The combined area of the archipelago is just 964 km², this is about twice the size of Andorra, or more than five times the size of Washington, DC.

With a population of 178,700 (in 2016), São Tomé and Príncipe is the second least populated African country after Seychelles, as well as the smallest Portuguese-speaking country. The capital and largest city are São Tomé. Spoken languages are Portuguese, Forro, Angolar, and some Principense Creole.

Discovered and claimed by Portugal in the late 15th century, the islands' sugar-based economy gave way to coffee and cocoa in the 19th century - all grown with plantation slave labour, a form of which lingered into the 20th century.

Although independence was achieved in 1975, democratic reforms were not instituted until the late 1980s. The first free elections were held in 1991, the political environment has been one of continued instability with frequent changes in leadership and several failed, non-violent coup attempts in 1995, 1998, 2003, and 2009. The recent discovery of oil in the Gulf of Guinea is likely to have a significant impact on the country's economy.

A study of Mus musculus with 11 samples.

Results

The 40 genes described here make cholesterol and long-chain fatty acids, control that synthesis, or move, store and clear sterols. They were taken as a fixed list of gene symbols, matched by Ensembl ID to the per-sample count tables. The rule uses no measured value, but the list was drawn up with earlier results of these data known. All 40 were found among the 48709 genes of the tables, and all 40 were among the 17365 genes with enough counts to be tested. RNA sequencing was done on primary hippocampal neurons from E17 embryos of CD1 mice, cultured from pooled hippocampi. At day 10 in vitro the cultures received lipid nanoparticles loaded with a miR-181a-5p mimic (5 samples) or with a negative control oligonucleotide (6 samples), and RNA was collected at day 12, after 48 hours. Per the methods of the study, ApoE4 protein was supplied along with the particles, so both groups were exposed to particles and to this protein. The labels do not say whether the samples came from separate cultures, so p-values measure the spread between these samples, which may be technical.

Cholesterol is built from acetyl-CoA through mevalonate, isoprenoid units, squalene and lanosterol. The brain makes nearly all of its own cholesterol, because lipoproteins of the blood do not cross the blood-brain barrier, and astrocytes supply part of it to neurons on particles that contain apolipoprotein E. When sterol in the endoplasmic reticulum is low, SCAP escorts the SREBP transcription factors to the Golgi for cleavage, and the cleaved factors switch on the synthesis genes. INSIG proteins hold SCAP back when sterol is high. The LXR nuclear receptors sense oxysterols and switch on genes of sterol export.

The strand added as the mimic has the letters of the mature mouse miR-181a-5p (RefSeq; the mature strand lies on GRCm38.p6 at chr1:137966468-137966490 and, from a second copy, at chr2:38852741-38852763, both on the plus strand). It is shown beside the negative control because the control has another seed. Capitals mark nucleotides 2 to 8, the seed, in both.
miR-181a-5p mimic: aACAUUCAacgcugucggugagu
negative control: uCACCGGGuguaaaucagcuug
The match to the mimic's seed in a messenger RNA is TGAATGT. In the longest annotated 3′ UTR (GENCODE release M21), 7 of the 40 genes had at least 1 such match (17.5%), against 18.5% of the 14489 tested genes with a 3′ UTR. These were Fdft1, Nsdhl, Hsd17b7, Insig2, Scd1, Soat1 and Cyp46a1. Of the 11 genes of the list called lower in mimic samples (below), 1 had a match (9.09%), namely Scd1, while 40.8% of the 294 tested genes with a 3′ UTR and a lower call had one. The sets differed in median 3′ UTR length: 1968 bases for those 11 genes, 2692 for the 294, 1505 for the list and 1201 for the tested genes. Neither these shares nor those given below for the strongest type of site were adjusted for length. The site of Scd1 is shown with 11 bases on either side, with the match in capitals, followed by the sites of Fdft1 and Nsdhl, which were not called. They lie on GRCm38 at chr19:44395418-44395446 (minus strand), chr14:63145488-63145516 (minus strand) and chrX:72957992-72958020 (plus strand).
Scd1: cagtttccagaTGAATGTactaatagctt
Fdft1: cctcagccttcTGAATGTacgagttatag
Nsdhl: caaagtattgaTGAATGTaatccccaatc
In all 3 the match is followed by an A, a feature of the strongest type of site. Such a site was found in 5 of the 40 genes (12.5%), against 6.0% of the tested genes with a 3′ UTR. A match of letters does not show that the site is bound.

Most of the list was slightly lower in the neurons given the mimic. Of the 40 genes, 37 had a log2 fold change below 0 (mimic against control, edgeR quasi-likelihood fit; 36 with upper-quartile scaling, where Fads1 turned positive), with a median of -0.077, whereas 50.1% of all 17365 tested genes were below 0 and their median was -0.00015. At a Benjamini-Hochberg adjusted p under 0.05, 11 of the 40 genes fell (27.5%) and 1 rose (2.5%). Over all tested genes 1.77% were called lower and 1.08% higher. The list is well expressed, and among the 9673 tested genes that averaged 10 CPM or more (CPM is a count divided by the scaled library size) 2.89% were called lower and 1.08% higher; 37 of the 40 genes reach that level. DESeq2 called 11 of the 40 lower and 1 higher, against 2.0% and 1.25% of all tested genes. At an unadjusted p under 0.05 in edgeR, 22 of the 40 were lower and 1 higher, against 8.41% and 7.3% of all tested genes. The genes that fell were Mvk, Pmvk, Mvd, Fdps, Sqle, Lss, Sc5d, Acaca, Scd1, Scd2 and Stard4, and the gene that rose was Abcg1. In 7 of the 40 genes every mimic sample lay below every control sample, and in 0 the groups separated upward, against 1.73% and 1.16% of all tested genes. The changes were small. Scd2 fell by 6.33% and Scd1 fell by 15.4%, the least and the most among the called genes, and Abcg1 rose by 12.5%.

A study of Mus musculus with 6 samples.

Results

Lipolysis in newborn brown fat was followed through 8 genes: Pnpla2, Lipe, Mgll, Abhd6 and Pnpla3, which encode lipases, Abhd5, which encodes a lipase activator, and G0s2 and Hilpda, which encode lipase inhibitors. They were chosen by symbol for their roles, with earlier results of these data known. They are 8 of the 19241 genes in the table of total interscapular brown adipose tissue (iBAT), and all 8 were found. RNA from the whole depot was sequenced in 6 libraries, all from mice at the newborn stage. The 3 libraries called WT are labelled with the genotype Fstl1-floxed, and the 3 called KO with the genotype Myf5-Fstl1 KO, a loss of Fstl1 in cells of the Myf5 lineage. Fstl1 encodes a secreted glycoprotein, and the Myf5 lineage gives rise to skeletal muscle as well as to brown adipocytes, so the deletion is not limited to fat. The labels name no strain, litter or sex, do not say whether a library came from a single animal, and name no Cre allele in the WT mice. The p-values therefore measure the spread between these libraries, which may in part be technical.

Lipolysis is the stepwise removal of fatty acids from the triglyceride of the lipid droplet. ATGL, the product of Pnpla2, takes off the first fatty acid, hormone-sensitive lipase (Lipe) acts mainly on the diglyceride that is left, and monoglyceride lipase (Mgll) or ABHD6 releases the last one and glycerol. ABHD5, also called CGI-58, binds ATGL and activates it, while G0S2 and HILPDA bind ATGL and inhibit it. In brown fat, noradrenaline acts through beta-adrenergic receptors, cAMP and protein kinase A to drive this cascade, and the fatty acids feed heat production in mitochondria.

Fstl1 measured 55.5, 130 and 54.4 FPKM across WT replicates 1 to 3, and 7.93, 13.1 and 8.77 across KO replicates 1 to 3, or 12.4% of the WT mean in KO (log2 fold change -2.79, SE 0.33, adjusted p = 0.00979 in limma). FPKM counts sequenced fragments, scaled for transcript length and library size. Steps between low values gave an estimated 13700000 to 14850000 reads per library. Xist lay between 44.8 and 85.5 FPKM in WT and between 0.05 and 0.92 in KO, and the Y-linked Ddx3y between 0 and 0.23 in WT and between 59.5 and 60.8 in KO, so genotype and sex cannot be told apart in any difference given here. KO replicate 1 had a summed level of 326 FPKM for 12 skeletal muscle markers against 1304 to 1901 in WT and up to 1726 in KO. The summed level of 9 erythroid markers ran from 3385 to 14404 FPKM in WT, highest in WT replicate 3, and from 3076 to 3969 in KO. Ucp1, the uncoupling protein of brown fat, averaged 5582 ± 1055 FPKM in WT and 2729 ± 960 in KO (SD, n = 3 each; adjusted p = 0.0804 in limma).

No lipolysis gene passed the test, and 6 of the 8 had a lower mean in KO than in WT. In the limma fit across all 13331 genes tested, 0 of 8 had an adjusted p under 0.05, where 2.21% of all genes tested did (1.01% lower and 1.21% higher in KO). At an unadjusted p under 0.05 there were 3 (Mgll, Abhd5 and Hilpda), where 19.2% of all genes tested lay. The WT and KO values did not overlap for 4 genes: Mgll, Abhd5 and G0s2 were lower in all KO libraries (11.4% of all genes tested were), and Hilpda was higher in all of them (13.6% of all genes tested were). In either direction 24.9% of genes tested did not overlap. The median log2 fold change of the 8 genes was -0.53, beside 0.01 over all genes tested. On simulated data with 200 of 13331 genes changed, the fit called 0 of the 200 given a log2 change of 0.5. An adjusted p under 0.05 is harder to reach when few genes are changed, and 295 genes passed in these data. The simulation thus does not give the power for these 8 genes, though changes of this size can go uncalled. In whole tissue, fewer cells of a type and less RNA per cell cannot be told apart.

Democratic Republic of São Tomé and Príncipe
Short form: S. Tomé e Príncipe

ISO Country Code: st
Local Time = UTC
Country Calling Code: +239

Capital City: São Tomé
Other Cities: Trinidade, Santana, Angolares, Neves, Santo Antonio (capital of Principe).

Type: Republic.
Independence: 12 July 1975 (from Portugal).

Location: Western Central Africa; islands straddling the equator in the Gulf of Guinea west of Gabon.
Area: 1 000 sq. km. (386 sq. mi.)
Terrain: Two small, volcanic islands.

Climate: Tropical, with wet and dry seasons, influenced by the mountainous topography.